The B&N Podcast: James Mustich on the Biggest Reading List Ever

Every author has a story beyond the one that they put down on paper. The Barnes & Noble Podcast goes between the lines with today’s most interesting writers, exploring what inspires them, what confounds them, and what they were thinking when they wrote the books we’re talking about.

This episode features a very special conversation, as the podcast’s former executive producer James Mustich takes a turn in the guest chair, joining us to talk about the marvelous work he spent years — including quite a few nights  and weekends! — composing. 1,000 Books to Read Before You Die contains, as its subtitle notes, a “life-changing list,”  but Mustich’s monumental work is much more than that. Each entry gets its own gemlike mini-essay, a quick peek at why Mustich believes a particular book deserves your time, and from Absalom, Absalom to Zen and the Art of Motorcycle Maintenance the subjects, styles and moods included are all over the map. The author joined us in the studio to talk about his eclectic celebration of reading and the universes the bookshelf offers us to explore.


It’s time to talk books—and the conversation starts here.

Encompassing fiction, poetry, science and science fiction, memoir, travel writing, biography, children’s books, history, and more, 1,000 Books to Read Before You Die moves across cultures and through time to present an eclectic collection of titles, each described with the special enthusiasm readers summon when recommending a book to a friend.

The expected pillars are here, including Jane Austen and Toni Morrison, Virgil, Dante, Dickens and Tolstoy, Franz Kafka and Simone de Beauvoir—their works made fresh through the author’s animated essays. Established classics are joined by new and unexpected choices like Citizen and Friday Night Lights. A Visit from the Goon Squad and The Pillow Bookof Sei Shōnagon, The Day of the Jackal and The Man Who Mistook His Wife for a Hat. The result is a treasury of essential reading for expansive tastes.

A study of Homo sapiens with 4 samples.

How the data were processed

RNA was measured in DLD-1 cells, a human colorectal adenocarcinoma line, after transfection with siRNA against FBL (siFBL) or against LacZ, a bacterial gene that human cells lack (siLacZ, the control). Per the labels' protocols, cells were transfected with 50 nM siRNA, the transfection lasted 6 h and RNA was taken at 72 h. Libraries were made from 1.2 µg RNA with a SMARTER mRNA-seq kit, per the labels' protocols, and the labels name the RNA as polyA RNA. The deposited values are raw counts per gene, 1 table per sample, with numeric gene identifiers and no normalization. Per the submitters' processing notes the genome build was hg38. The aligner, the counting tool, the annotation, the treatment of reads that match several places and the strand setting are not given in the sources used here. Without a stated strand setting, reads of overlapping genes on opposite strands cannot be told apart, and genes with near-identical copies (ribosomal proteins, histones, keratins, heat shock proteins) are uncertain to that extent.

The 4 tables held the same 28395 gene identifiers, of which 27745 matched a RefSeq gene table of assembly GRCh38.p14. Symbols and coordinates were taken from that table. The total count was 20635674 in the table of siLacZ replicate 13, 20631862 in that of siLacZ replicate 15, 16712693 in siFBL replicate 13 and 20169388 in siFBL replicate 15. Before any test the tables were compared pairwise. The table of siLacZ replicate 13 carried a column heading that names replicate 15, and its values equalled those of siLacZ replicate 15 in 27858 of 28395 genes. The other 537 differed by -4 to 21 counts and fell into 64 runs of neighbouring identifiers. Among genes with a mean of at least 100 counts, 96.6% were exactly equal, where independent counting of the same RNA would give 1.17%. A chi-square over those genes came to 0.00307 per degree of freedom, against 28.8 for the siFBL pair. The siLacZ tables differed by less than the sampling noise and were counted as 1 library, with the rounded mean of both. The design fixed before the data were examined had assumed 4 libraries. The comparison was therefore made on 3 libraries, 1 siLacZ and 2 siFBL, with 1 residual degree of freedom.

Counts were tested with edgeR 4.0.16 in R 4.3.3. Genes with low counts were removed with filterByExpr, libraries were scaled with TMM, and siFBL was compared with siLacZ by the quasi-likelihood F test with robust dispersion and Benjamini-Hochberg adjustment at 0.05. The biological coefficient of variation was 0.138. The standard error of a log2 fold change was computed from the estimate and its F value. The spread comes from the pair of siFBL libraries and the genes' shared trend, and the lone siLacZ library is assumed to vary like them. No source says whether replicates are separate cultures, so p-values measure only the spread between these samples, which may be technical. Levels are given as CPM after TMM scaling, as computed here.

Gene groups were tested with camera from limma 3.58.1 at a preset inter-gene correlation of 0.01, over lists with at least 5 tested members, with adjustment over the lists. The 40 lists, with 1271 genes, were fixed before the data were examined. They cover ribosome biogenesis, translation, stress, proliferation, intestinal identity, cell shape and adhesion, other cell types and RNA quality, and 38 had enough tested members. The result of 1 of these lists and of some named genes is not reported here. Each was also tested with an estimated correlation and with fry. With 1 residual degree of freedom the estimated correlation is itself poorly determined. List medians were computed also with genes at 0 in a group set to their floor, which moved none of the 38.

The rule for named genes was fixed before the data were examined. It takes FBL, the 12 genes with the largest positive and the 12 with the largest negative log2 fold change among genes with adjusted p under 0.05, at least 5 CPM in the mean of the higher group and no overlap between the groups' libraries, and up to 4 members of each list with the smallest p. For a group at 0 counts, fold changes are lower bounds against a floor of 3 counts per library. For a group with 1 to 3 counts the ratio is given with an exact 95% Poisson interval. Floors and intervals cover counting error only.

The book’s alphabetical listing by last name results in the serendipity of juxtaposition—Cormac McCarthy’s The Road next to Robert McCloskey’s Make Way for Ducklings, John le Carré next to Ursula K. Le Guin next to Harper Lee. Following each entry are rich endnotes that include publication dates and preferred editions, other books by the same author, related books to try, and listings of worthy adaptations, including movies and audiobooks. In total, more than six thousand titles by thirty-five hundred authors are recommended.

A Miscellany of Special Lists at the end of the book offers the reader surprising entry points into the collection, such as “Books to Read in a Sitting,” including The Little Virtues by Natalia Ginzburg and The Third Man by Graham Greene, and “Offbeat Escapes,” including Freya Stark’s The Valleys of the Assassins and Felice Benuzzi’s No Picnic on Mount Kenya. For the truly dedicated reader, “A Long Climb, but What a View”—a perfect way to describe those mountainous texts we long to scale, such as Proust’s In Search of Lost Time and Shelby Foote’s The Civil War.

An insightfully curated personal compendium that will inspire hours of browsing and a lifetime of reading, 1,000 Books to Read Before You Die celebrates the gorgeous mosaic that is our literary heritage.

 The purchase of the B&N Exclusive Edition includes an 16” x 21” poster featuring a checklist of all 1,000 Books so that you can keep track of your reading journey”.